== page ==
Having been part of the 9-1-1 industry since 1985 (you do the math) there have been a lot of huge developments that have impacted the industry. Lots of people nowadays move from one career to another, following a web-like career path across multiple industries, geographies, and professional levels. My own path has stayed close to the major branch that is public safety/emergency communications, even though I’ve branched out toward quality standards, compliance and business controls along the way.
When I got my first 9-1-1 position, the first day on the job I received a huge stack of green-bar computer printouts of all the MSAGs for the entire county. It was about 5 inches thick with maybe 60 street and address ranges listed on each page. My first task was to verify the data was correct, which involved checking in with 42 community Fire departments, then discovering 50,000 unaddressed structures in the county, and launching an addressing program that was not met with much enthusiasm by the farmers and ranchers surrounding the metropolitan area. I attended lots of pot-luck suppers as I tried to explain how 9-1-1 would work to the rural residents of Tarrant County, TX!
We didn’t have laptops back then, and did everything on paper. So when I titled this article, I was really thinking about the huge technical challenges that we faced and overcame – Milestones – that now just look like bumps in the road in retrospect. The most technical acronyms I threw around back in 1985 were POTS, MSAG, ALI and ESN. My oldest son once asked me when his cousin, NENA, would come to visit him. Now there is an entire library of terms that are tossed about everyday! We have come so far with 9-1-1 technology in a relatively short time!
Here’s my list of milestones that now resemble mere pebbles along the roadway.
Rural Address conversion – that was a big one in the 1980’s! It’s not unusual to see five and six number addresses along the back roads nowadays, and lots more street signs! We 9-1-1ers have definitely impacted the landscape. Along the way, we might have even impacted the tax roles as every structure with an address was included in the updated “9-1-1” database, which doubled as a mailing address for tax bills to be sent to.
PBX or private switch systems – there were campuses with private phone systems that operated with extensions and no address information at all. We had to figure out how to identify the location of each extension, which was tied to the phone system with a hard wire on a desk or in a dorm room at the time. We created an addressing scheme for Dallas International Airport where none had existed before.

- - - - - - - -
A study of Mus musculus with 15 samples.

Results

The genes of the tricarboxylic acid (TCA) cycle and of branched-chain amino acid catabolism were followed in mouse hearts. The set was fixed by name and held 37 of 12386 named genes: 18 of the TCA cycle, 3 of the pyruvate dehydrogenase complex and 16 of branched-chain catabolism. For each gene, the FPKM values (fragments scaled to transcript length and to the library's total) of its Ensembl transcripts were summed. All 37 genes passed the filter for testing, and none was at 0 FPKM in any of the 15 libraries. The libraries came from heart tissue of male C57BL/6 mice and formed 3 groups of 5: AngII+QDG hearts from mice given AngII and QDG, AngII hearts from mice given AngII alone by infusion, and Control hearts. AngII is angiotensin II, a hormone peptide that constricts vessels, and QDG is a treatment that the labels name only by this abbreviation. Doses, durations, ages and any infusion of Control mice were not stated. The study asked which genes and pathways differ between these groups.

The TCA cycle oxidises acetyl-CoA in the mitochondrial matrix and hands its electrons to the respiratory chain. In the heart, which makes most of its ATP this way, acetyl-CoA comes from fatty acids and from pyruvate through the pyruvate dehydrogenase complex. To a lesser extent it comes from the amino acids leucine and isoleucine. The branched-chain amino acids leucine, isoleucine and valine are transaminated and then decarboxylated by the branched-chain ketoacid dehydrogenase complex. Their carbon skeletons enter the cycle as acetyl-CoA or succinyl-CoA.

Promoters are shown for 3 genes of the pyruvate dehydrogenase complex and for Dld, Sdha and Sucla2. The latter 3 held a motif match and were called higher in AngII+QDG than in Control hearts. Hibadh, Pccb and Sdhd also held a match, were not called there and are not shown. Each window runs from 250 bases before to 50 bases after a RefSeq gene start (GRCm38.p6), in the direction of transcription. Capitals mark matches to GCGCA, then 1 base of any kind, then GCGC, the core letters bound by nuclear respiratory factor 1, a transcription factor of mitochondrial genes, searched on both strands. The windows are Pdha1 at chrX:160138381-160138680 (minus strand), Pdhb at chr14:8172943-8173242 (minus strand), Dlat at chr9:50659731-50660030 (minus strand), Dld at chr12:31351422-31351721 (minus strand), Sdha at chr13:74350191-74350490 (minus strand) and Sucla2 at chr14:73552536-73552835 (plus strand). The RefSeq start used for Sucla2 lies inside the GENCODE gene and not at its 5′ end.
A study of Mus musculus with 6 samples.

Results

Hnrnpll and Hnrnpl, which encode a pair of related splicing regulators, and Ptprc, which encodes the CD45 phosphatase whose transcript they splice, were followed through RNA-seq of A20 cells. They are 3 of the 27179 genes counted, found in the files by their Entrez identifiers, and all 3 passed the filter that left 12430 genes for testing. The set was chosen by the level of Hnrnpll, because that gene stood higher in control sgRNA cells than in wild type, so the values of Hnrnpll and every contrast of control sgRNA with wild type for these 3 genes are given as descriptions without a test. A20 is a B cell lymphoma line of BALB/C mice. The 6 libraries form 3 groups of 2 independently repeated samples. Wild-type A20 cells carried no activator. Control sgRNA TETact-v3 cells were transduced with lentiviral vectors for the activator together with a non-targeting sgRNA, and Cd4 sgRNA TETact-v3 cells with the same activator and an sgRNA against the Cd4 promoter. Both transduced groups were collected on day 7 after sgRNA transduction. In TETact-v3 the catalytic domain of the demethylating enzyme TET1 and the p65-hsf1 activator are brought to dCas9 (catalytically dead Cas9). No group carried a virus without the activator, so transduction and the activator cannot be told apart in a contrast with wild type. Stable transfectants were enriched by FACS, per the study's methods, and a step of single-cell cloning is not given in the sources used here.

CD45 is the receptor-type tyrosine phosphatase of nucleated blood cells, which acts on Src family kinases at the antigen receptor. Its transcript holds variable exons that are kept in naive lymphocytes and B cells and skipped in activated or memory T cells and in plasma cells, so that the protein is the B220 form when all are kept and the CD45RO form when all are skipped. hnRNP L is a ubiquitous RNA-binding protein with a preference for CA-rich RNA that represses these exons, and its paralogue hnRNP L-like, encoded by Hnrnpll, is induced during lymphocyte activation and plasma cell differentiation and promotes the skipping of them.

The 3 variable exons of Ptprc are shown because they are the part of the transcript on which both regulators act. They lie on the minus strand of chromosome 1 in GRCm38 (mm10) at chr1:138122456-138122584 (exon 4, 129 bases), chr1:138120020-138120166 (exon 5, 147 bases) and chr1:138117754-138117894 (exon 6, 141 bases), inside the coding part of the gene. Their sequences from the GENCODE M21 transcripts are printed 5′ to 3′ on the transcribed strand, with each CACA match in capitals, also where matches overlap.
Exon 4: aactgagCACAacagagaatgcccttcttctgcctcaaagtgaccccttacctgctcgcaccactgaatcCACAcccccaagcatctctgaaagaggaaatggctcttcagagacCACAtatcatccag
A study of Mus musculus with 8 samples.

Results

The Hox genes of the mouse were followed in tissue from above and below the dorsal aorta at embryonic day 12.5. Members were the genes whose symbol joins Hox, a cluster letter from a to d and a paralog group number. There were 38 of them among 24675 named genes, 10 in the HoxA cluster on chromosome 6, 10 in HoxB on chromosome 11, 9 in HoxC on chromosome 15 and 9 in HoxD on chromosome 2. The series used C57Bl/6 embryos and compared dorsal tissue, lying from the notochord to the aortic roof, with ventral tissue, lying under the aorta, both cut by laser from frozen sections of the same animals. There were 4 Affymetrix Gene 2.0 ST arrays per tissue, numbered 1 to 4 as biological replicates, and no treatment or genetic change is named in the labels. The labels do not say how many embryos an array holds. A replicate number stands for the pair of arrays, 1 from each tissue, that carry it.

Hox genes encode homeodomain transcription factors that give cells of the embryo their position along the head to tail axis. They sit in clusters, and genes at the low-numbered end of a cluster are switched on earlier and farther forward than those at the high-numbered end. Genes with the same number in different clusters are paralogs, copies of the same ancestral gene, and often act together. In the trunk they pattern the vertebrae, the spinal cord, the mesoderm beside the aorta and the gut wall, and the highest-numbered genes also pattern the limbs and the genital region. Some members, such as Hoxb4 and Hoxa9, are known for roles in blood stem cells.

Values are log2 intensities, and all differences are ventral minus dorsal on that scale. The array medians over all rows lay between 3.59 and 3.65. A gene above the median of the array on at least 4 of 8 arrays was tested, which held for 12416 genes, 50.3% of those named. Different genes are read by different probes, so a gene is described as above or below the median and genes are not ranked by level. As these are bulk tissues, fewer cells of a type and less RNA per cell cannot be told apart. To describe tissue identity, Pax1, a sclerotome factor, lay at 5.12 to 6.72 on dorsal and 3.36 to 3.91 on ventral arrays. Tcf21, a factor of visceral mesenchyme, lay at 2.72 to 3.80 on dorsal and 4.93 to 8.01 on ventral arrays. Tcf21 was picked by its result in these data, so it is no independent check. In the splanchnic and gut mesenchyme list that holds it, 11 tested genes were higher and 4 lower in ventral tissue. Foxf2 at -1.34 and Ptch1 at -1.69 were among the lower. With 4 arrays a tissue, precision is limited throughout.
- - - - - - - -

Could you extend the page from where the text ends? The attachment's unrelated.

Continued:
Cell phones – my first one was a 5 pound brick, but my first exposure to a mobile was a built-in car console – it was really a radio and was connected to the car’s battery power and had a huge antenna attached to the car trunk. It had a curly cord and a rotary dial on the handset! Of course, I was just a child when I experienced this sight, but it made me so hopeful for the future and all the amazing things we would have available in my lifetime. Now we have all that futuristic equipment, except for flying cars, and with the technology came a whole new type of 9-1-1 system. We had to locate those unconnected devices and display them on maps so we could send the right responders to them! Huge change came along with this technology advance. Our ground-breaking project in 1996 in Houston, TX, was a live demonstration of wireless location and number display – we lovingly referred to it as pseudo-ALI, or PALI, and a whole bunch of new acronyms came out of it. In the rear-view mirror, that is so far behind us and left so many body parts on the side of the road, it’s amazing that we stuck with it!
Web based information – the phone companies used to publish directories of all the phone numbers in alphabetical order. These were giant tissue paper books that we received free of charge each year, which doubled as child seat lifts at the dinner table. Most families only had one number you could call, rather than one per person plus the home phone and multiple computers for each member of the household. Now, you can go on-line and look up just about anyone, anywhere and use your cell phone’s internet access to do it. We can also hook up our computers to make phone calls using Voice over Internet, or VoIP. This was another 9-1-1 hurdle – connecting computers to 9-1-1 wherever they might be located at the moment.
Texting – Who can live without it anymore? It keeps us all connected, and people want to be able to text 9-1-1, as well they should. This is a boon for the deaf community, and a true lifesaver for anyone in a compromised position that needs to reach 9-1-1. 9-1-1 is in our pockets nowadays. The products and services of the industry had to come up with a way to meet every telecommunications advance that comes through the door – I guess there will always be a reason to do what we do!